Organisations forming or revising in-person workplace policies face difficulties in accounting for disparate attitudes to vaccination requirements.

A Gartner survey found that public attitudes to vaccine checks for entry vary depending on the setting.

“Legal and compliance leaders for most organisations we speak to aren’t planning to mandate vaccines in their workplace,” says Chris Audet, senior director: research in the Gartner legal and compliance practice. This data suggests that public opinion on the issue varies significantly according to the setting.”

Respondents to the survey of US consumers were more likely to approve of vaccine checks for entry in a healthcare setting (58%) than in an office (35%), yet a significant minority (25%) did not feel they should be required in any of the settings listed in the survey.

Gartner analysts add that the sample was broad, and many respondents did not work in the types of workplaces listed in the survey, therefore feelings on the issue might be different in individual workplaces.

“Vaccination requirement is clearly a divisive issue and mandating them could be problematic for companies for a variety of reasons including privacy concerns, staff resistance, and logistical issues,” says Audet.

Although most companies tell Gartner they do not intend to mandate vaccination for their employees, most did signal an intent to continue with some safety measures as workers return.

Based on conversations with various organisations, Gartner experts have listed five strategies for managing return to work programs.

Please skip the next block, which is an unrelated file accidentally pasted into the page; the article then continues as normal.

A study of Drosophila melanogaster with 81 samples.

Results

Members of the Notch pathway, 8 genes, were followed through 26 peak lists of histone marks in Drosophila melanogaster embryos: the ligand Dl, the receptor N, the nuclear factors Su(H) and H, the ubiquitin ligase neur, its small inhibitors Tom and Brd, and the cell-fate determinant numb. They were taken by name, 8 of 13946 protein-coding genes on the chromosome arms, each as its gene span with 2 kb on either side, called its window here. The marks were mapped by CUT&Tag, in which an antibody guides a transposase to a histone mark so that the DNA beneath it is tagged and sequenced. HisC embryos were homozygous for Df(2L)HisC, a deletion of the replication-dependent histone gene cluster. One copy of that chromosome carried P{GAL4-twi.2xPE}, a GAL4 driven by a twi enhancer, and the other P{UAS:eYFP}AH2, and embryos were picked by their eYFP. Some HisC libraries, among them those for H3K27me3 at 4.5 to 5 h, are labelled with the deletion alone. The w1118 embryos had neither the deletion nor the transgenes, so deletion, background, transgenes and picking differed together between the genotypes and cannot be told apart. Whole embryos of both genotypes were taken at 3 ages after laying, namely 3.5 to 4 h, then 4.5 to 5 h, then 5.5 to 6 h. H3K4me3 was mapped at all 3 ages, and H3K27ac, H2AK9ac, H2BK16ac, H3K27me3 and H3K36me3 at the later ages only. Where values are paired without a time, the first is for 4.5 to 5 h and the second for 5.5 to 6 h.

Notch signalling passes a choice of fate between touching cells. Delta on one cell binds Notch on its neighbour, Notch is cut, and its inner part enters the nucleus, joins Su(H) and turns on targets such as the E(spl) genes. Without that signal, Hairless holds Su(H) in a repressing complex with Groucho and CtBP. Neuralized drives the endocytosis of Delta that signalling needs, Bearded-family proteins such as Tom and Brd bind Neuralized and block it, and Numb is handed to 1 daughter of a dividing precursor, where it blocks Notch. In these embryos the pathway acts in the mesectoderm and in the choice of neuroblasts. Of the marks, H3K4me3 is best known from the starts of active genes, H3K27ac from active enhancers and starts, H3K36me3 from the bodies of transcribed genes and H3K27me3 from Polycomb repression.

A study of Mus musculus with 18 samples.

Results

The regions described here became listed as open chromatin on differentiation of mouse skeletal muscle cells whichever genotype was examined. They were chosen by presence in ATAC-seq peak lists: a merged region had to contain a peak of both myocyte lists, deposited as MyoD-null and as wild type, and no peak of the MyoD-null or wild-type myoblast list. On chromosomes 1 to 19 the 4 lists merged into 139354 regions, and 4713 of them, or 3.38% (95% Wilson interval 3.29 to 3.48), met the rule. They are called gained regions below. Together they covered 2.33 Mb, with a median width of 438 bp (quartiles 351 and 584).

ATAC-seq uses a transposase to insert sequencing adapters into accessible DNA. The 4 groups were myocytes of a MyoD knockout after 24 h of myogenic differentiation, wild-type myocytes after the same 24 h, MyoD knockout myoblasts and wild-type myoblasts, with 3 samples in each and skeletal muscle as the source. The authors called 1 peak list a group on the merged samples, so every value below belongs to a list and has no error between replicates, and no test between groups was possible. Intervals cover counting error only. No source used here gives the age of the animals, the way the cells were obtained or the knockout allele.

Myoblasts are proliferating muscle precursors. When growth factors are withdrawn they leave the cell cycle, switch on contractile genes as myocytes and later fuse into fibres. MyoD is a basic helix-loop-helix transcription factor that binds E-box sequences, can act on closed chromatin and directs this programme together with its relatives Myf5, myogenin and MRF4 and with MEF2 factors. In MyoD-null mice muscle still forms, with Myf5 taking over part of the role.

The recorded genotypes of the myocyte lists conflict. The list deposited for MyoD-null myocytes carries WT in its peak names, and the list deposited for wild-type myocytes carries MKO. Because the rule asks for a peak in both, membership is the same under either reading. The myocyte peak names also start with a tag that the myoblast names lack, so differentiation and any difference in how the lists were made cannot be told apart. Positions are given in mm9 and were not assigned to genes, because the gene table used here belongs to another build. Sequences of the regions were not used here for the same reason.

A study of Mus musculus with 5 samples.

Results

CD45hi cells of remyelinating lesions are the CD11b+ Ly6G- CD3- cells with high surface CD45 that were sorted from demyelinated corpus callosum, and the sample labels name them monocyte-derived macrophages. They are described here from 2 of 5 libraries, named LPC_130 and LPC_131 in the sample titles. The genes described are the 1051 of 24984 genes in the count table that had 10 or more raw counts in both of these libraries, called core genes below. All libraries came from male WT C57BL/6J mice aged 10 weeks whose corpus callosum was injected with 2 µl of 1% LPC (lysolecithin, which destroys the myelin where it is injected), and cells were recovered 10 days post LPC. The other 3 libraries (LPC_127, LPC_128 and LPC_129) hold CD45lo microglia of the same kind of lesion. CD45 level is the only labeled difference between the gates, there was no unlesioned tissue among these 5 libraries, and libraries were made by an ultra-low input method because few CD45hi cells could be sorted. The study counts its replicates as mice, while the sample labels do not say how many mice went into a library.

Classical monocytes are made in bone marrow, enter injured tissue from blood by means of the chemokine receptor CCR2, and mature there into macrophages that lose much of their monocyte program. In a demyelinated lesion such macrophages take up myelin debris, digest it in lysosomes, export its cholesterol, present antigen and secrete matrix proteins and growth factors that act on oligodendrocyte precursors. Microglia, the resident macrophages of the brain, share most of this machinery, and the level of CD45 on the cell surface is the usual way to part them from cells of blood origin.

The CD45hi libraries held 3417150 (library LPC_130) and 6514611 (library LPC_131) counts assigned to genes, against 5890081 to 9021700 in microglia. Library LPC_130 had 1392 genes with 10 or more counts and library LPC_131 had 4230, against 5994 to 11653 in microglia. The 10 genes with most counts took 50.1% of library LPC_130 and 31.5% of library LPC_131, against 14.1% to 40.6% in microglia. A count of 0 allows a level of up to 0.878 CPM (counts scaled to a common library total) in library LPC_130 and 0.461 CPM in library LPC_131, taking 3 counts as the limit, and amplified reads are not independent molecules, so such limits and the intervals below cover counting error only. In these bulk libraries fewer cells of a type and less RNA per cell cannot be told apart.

* A/B Schedules – Organisations bring in employees on alternating weeks to reduce workplace crowding and better manage social distancing and hygiene measures. In some cases, this may also help to accommodate those who are prefer working remotely.

* Hot Desks and Hotelling – Moving away from traditional assigned seating, organisations are exploring shared work areas or reservation systems for desks or meeting spaces, which also helps to comply with enhanced cleaning and distancing requirements.

* Vaccine ‘Safe Floors’ – Some have considered the idea of reserved space with reduced safety measures that are only available for vaccinated employees. Tracking vaccination status poses legal challenges in many jurisdictions.

* Phased and Optional Return – Many employers are bringing back volunteers into the office first or approaching the return in phases. This helps to assess the efficacy of safety measures and how these new configurations affect employees and teamwork.

* Redesigning the Workplace – Some organisations are fundamentally redesigning the office around collaboration rather than individual work, making that the primary function of an office in a hybrid strategy, dedicating more floorspace to collaboration and less to single desks.